DOD announces top environmental award recipients

  • Published
  • By Amaani Lyle
  • American Forces Press Service
At a Pentagon ceremony today, Defense and Interior Department officials presented this year's Secretary of Defense Environmental Award to 10 teams and installations for excellence in advancing environmental initiatives.

Among the installations recognized, the Air Force was represented by both the 30th Space Wing at Vandenberg Air Force Base, Calif., and the 75th Civil Engineer Group at Hill AFB, Utah.

Dr. Dorothy Robyn, deputy undersecretary of defense for installations and environment; Frank Kendall, undersecretary of defense for acquisition, technology and logistics; and David J. Hayes, deputy secretary of the U.S. Department of the Interior presented the awards in six categories.

The award program, in its 50th year, recognizes recent strides in "green" initiatives that spring from the DOD's $42 billion investment in environmental initiatives over the last decade.

"Your accomplishments are now part of a five-decade legacy of environmental excellence within the Department of Defense," Robyn said to awardees.

Vandenberg AFB's 30th Space Wing, located on California's Central Coast, was recognized for its cultural resources management, and Hill AFB's 75th Civil Engineer Group for its environmental restoration.

During the award period, Vandenberg AFB's cultural resources management team successfully programmed, planned and budgeted to support the diverse range of cultural projects at the base and foster cultural resources awareness across the base and in the local community.

"We were delighted and honored to represent the Air Force, Air Force Space Command and the 30th Space Wing within the Secretary of Defense Environmental Excellence Awards program," said Christopher Ryan, the 30th Civil Engineer Squadron team lead at Vandenberg AFB. "It's great to be recognized for our accomplishments over the last three years, but we share that recognition with many other people, like the 30th CES horizontal shop, the 30th CES Hot Shots, our contractors, the Chumash Tribe, base command and others."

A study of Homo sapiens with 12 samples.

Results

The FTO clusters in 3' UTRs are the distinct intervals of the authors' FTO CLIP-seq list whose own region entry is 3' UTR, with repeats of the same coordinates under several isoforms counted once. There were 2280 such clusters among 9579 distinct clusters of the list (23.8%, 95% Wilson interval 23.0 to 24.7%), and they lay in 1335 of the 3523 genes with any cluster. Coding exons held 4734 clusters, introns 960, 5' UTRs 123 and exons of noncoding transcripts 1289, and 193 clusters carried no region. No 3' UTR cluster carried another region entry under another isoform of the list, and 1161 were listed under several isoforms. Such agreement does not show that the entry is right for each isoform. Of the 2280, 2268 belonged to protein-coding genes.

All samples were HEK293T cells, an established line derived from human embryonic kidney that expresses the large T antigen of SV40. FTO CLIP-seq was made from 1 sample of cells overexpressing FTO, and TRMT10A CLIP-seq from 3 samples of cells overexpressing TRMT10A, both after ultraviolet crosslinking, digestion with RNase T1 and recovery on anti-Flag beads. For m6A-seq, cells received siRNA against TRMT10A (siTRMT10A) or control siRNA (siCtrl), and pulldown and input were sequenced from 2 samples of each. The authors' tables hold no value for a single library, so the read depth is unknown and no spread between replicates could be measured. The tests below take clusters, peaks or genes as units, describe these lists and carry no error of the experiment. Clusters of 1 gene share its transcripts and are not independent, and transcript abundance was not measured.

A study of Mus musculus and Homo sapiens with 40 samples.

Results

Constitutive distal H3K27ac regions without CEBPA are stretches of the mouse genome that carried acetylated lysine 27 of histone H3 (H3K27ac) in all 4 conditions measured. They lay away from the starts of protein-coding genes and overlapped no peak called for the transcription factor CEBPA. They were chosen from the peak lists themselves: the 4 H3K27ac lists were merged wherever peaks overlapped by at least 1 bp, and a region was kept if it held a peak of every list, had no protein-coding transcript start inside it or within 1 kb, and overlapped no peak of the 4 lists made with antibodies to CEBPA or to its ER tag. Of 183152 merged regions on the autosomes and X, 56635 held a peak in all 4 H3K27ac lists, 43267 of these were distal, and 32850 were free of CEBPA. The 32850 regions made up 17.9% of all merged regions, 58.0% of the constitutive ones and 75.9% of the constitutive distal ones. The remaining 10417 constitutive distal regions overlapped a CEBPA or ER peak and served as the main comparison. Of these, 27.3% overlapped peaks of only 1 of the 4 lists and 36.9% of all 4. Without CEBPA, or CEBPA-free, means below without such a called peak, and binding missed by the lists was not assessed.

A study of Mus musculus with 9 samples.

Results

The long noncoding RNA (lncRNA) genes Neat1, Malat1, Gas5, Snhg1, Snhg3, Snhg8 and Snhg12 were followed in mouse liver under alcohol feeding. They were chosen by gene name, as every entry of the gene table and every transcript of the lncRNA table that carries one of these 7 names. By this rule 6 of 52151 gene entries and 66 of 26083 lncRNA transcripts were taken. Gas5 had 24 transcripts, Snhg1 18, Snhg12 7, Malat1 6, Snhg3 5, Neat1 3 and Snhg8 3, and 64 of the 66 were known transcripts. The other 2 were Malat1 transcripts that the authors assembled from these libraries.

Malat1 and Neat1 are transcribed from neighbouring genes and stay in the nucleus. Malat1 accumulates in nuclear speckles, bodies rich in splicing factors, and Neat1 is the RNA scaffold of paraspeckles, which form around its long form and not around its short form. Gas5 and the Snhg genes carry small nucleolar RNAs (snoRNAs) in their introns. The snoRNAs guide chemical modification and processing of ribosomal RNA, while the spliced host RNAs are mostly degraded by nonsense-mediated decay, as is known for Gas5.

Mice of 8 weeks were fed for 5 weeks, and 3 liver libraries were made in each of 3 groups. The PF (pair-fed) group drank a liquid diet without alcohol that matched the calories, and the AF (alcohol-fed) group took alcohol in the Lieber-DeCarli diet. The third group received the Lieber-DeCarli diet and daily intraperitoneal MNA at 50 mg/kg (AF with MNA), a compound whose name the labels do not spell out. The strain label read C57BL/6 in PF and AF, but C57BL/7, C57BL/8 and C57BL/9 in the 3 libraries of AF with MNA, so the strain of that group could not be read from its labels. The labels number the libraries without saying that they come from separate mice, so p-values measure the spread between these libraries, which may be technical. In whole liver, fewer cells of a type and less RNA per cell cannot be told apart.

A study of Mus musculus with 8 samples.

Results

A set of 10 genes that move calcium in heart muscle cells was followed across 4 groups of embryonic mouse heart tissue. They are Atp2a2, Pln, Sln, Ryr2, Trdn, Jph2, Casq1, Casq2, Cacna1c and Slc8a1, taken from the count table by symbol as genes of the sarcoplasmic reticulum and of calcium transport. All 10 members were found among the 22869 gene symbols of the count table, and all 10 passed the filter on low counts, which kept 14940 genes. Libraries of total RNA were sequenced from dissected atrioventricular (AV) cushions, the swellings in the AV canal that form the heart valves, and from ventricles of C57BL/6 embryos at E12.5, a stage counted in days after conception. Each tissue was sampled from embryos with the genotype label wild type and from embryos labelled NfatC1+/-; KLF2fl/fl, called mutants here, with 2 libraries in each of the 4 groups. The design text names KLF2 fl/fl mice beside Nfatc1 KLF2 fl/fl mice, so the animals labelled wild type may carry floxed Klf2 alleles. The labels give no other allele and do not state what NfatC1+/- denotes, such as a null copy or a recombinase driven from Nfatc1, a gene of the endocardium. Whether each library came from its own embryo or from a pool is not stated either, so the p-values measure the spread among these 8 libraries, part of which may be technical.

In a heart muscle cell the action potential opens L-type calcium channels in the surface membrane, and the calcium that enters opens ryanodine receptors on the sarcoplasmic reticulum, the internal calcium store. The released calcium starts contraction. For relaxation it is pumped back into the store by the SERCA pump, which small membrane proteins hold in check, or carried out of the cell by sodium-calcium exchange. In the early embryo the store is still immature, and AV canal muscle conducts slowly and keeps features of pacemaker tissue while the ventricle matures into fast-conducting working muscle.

At Hill AFB, the 75th CEG restoration team led the way in identifying, developing and implementing innovative techniques and technologies to improve the efficiency and effectiveness of remediation efforts while leaving behind the smallest possible environmental footprint. The team also embraced several projects that led to cost- and time-saving measures such as cutting energy consumption by 35 percent, reducing its carbon footprint by 30 percent and saving the Air Force more than $250,000 in energy costs annually.

"Hill has some tough cleanup challenges," said Bob Elliott, the 75th CEG Environmental Management Division chief. "That said, our restoration branch has a unique group of extraordinarily capable engineers who not only address technical issues very well, but they recognize the value of input and involvement from our stakeholder community and regulatory agencies. It's truly a team effort for them."

This year's award recipients include:

-- Scranton Army Ammunition Plant, Pennsylvania, Sustainability, Industrial Installation

-- Fort Hood, Texas, Environmental Quality, Non-Industrial Installation

-- U.S. Army Garrison-Hawaii, Oahu Army Natural Resource Team, Natural Resources Conservation, Individual/Team

-- Fort Hood Recycle Team, Texas, Environmental Quality, Individual Team

-- Stryker Brigade Combat Team, Warren, Mich., Environmental Excellence in Weapon System Acquisition, Team

-- Marine Corps Base Hawaii, Natural Resources Conservation, Small Installation

-- Naval Supply Fleet Logistics Center, Pearl Harbor, Hawaii, Environmental Quality, Individual/Team

-- Former Mare Island Naval Shipyard, Calif., Environmental Restoration, Individual/Team

-- 75th Civil Engineer Group, Hill Air Force Base, Utah, Environmental Restoration, Installation

-- 30th Space Wing, Vandenberg Air Force Base, Calif., Cultural Resources Management, Installation

The Defense Department manages nearly 30 million acres of installations -- homes to old growth forests, tall grass prairies, thermal pool wetlands, archeological sites and numerous ecosystems, Robyn said. The lands also harbor significant natural resources to include 420 endangered species and 523 at-risk species, 75 of them located solely on DOD lands, she added.

"Behind these statistics are the people, many of them unsung heroes, who work every day to preserve our natural heritage in support of the defense mission," she said. "We protect the environment on our installations not only to preserve irreplaceable resources for the future, but to ensure that we have the land, water and airspace we need for military readiness."